Geocoding is a process that assigns each data record x and y coordinates that correspond (ultimately) to the Earth's latitude and longitude. The geo-coordinates may then be used to locate the record on a map or in another geography (e.g., a county or census tract).

1 The Case for Geocoding
2 Geocoding Process Recommendations
3 Geocoding Precision Subgroup Members
4 GPS Group Artifacts


The Case for Geocoding

Geocoded data would allow the New Mexico DOH to present local health data for a variety of geographies, including census tracts and our recently-designed census-tract-based New Mexico Small Areas. A group of New Mexico Department of Health analysts (Geocoding Precision Subgroup) met regularly over a 2 year period to examine our current geocoding results and processes, identify issues and recommend improvements.

Accurate geocoding depends on having a complete and correct address on every data record that may be matched uniquely to an address in a reference database that provides geographic coordinates for standardized addresses. 'Standardized addresses' follow postal addressing conventions as defined by the United States Postal Service (see Certain conditions make it difficult to geocode a record, including incorrect addresses, misspelled or non-standard street names, and addresses consisting of only a post office box or rural route or general delivery address. Furthermore, studies have shown that excluding non-address-matched records introduces systematic bias (e.g., Zandbergen, 2009). In other words, statistics calculated from records with standardized addresses are not representative of records with non-standard address information.

Our New Mexico group found that in recent years, 83% of both birth and death data records have been matched to a standardized street address. Records not matched to a standardized street address have been geocoded with the most precise alternate geocode available, such as the centroid of the ZIP code, populated place, or county. Records whose geo-coordinates placed them into the wrong census tract are considered misclassified. Anecdotal evidence from analysts in our group suggest that misclassification errors in New Mexico are more likely to occur in sparsely-populated areas of the state.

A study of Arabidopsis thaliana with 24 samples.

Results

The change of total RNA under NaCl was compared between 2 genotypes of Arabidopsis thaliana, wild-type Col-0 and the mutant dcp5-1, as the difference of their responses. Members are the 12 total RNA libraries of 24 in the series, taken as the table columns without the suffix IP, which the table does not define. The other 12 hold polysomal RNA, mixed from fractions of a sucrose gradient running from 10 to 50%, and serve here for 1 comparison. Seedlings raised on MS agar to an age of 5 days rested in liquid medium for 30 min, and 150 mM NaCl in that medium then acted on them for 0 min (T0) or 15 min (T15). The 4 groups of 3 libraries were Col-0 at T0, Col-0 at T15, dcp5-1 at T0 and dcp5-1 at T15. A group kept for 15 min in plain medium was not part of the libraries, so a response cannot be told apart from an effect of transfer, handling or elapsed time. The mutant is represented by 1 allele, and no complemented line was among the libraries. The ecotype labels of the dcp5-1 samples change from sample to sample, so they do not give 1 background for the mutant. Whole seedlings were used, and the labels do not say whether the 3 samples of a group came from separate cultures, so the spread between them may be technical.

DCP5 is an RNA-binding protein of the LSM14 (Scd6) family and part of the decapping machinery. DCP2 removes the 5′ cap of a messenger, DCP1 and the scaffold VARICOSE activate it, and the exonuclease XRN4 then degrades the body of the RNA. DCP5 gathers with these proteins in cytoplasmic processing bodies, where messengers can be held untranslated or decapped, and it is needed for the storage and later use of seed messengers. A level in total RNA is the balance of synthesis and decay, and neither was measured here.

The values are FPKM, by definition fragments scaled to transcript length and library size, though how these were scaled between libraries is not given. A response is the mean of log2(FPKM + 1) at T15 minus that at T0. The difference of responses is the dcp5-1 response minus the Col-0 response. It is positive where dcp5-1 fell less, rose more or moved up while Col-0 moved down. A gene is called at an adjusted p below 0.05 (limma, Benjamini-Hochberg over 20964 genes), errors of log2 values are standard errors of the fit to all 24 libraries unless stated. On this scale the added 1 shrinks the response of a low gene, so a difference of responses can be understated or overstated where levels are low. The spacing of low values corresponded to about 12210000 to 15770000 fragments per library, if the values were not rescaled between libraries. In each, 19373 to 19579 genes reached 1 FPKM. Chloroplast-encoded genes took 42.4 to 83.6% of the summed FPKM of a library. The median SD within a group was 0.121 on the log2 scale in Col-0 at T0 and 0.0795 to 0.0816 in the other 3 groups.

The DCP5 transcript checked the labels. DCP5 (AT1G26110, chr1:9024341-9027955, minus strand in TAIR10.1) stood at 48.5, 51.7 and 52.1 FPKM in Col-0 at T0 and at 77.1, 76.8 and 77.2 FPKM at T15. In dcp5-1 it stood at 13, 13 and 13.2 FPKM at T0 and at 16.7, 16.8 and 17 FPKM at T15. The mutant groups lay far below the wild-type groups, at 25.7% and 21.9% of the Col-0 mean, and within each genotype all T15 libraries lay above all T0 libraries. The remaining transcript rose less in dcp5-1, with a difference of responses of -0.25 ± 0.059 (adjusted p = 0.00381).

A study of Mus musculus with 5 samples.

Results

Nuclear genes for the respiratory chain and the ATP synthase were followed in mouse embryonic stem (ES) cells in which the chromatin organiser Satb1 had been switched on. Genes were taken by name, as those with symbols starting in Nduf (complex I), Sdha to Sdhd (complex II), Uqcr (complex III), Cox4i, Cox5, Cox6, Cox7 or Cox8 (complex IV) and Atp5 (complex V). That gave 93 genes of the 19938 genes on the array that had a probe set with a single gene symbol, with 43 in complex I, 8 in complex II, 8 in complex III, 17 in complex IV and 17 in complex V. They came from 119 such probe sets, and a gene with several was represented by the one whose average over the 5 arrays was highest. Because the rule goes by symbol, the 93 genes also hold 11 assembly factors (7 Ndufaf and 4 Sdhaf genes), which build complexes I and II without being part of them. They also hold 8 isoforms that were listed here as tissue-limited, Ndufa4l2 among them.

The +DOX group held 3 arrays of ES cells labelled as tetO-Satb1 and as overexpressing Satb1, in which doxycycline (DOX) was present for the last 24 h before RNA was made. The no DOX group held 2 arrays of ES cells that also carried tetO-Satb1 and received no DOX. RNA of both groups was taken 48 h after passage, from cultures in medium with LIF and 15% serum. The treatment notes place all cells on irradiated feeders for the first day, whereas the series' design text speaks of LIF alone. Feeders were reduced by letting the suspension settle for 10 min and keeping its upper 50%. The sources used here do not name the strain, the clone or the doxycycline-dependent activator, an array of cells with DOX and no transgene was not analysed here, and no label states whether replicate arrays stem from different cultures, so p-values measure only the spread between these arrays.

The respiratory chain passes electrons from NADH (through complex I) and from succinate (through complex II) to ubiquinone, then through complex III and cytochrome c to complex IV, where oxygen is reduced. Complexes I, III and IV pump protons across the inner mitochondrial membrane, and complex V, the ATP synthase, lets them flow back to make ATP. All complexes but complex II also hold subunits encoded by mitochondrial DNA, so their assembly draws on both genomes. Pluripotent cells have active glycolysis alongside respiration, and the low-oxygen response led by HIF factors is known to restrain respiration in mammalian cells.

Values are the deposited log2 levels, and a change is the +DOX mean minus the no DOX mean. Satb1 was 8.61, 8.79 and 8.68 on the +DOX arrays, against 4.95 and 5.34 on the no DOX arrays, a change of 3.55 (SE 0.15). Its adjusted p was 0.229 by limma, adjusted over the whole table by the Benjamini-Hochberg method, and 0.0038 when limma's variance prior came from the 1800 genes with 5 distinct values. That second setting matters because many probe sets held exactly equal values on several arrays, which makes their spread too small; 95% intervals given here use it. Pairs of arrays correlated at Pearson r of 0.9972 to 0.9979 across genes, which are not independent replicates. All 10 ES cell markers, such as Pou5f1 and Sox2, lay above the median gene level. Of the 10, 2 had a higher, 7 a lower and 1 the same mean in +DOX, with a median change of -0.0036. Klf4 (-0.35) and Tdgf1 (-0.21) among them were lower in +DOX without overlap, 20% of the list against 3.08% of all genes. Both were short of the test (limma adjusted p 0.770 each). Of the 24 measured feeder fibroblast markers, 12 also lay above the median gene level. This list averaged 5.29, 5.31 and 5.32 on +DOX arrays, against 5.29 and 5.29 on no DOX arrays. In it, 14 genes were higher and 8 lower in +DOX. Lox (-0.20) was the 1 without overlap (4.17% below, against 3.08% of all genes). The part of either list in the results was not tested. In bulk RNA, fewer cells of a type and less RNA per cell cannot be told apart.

Geocoding Process Recommendations

The New Mexico group made the following recommendations.
  1. Address standardization at the time of data entry should be a priority goal for all future data systems. Designing information capture to collect this information while the informant is available to verify the standardized address is optimal to increase the proportion of records for which accurate geo-coordinates may be assigned.
  2. Data records with street addresses should be submitted to address standardization software before submission to the geocoding/linkage program service. The address standardization software puts each address into standardized USPS format, and will catch the most obvious problems, such as missing spaces between words (RioGrande vs. Rio Grande) and common incorrect spellings.
  3. Data records without street addresses should be manually examined for location information. For instance, institutions such as assisted living facilities, military bases, apartment complexes, and correctional facilities have specific point locations that can be used to geocode a record. A manual process such as this is labor-intensive and costly, but may identify geo-coordinates for a majority of records with un-matched addresses. (In NM manual examination of 10 years of birth and death data without street addresses involves over 107,000 records.) Close collaboration with the data steward is important not only to understand the idiosyncrasies of the data but to address the implications of potential modifications.
  4. Use of additional reference databases (e.g., E-911 road file, subdivision and facility lists, county parcel files, highway mile marker file, etc.) may be used to assign geo-coordinates to records that lack a standard address. Each specific geo-reference database should be evaluated. For instance, parcel files are notorious for having accurate parcel size information for tax purposes, without having accurate parcel location information. Parcel file accuracy also varies between counties. The ancillary geo-reference databases must be maintained and updated as new information (e.g., new facilities) is encountered.
  5. When precise location information cannot be assigned by any method, use of the GNIS (Geographic Names Information System) centroid should be used in sparsely-populated areas while the ZIP code centroid coordinates should perform better in more populous areas.
  6. The method of geo-coordinate assignment should be recorded in a separate field on the data record.

Geocoding Precision Subgroup Members

Will Athas - UNM, Family & Community Medicine
Camille Clifford - DOH, Bureau of Vital Records and Health Statistics
Lois Haggard - DOH, ERD, Community Health Assessment Program
Heidi Krapfl - DOH, ERD, Environmental Epi Bureau
Larry Nielsen - National Association for Public Health Statistics and Information Systems, formerly DOH, Bureau of Vital Records and Health Statistics
Jim Roeber - DOH, Injury and Behavioral Epi Bureau, Substance Use Epidemiology Section
Tom Scharmen - DOH, Metro Region
Barbara Toth - DOH, ERD, Environmental Epi Bureau, EPHT Program


Flowchart Diagram:
Go to the NMDOH Geocoding flowchart diagram

Geocoding Protocol Document (DRAFT)


1. PA Zandbergen, JW Green. Error and bias in determining exposure potential of children at school locations using proximity-based GIS techniques. Environmental Health Perspectives, 2007/9, 115(9), 1363-1370.